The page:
Exclusive: SBA expands $5 billion program to attract more VC funds
The U.S. Small Business Administration today will open up billions of loan dollars to venture capital funds, via the implementation of a new rule, it tells Axios exclusively.
The big picture: This is a modernization of the Small Business Investment Company (SBIC) program, which is aimed at increasing investment in U.S. startups.
- Particularly for small businesses in underserved communities and geographies, plus for capital intensive industries and those critical for national security.
Background: The SBIC program has historically provided debentures that require participating funds to pay semi-annual interest.
- Such a structure hasn't really worked well for longer-duration investments VC funds, including funds-of-funds. Instead, it's mostly been used by mezzanine debt and other private credit funds, plus some investment vehicles that are eligible for Community Reinvestment Act credits.
- There also was a non-debt product called the participating securities program, but that was shut down in 2014 — in part because of concerns that it could be gamed in a way to make the government effectively subordinate to GPs and LPs.
Flash forward: The new option being announced today features debentures on which interest accrues over the life of the fund, in order to better align with cashflows of MOIC-driven strategies.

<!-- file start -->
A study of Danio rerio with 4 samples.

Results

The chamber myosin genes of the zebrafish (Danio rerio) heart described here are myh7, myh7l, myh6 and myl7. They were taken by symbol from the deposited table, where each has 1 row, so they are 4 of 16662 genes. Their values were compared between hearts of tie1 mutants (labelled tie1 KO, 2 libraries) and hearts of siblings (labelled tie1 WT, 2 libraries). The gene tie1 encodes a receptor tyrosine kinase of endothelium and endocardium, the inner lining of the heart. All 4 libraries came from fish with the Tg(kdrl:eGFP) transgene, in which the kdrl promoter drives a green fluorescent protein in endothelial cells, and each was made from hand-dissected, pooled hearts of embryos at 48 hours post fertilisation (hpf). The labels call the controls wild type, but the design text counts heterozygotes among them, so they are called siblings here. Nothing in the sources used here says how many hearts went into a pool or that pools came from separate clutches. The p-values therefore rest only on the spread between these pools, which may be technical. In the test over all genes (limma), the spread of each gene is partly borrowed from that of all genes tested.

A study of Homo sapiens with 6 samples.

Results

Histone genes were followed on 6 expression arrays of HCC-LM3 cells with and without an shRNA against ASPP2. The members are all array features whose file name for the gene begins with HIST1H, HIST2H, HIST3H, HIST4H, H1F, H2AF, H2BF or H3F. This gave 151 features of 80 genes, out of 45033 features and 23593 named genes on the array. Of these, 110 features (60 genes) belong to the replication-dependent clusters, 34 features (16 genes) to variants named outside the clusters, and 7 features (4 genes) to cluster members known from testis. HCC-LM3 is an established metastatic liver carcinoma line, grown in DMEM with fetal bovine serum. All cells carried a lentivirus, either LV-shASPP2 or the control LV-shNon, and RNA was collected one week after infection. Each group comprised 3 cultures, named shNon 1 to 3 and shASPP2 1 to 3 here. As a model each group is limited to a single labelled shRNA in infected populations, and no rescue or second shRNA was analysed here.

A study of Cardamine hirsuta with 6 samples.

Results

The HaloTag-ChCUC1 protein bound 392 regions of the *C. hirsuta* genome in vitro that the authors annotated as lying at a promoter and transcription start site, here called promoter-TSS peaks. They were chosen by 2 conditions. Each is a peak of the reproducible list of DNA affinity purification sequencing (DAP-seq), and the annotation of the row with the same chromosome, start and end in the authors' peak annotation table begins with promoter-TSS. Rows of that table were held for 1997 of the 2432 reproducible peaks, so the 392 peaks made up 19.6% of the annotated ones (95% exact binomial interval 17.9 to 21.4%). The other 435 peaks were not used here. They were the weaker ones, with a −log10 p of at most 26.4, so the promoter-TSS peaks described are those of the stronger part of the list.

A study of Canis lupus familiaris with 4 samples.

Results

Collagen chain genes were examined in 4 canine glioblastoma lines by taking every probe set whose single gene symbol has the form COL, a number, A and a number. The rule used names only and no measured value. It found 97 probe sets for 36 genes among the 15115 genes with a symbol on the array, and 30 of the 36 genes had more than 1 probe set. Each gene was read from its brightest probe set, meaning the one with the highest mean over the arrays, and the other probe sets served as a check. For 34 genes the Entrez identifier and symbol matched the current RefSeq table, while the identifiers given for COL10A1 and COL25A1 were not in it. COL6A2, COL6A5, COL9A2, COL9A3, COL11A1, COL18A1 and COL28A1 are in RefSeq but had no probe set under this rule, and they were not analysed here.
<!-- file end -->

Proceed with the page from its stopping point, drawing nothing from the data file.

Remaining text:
- Interest can be prepaid, if desired, and must be paid on a pro rata basis when there are LP distributions. Return recycling is permitted.
- Participating funds must invest exclusively in U.S. small businesses, or funds that make such investments, as defined by the SBA's fairly generous metrics.
What they're saying: "The headlines about record venture capital investment miss that tons of that money is going into things like B2B SaaS, instead of to hard technologies and critical technologies that are vital to our global competitiveness and national security," says Bailey DeVries, the SBA's associate administrator and head of its Office of Investment and Innovation.
- "The SBIC program provides a loan to the fund, without the SBA having any profit participation, which has the potential to shift the risk-adjusted return profile so that funds can allocate to parts of the market that they may view as riskier or more volatile."
By the numbers: DeVries says that the SBA could have up to $6.9 billion in available SBIC loans for fiscal 2024, based on President Biden's budget proposal. This year's authorization is $5 billion.
- In fiscal 2021 the program maxed out its $4 billion authorization, while in fiscal 2022 it only disbursed $3.8 billion of its $5 billion authorization.
- DeVries says that the re-up rate from existing funds is generally in the 67%-72% range.
The bottom line: The federal spigot is now open. Given LP reticence to make new VC fund commitments, don't be surprised if the SBA gets a flood of applications.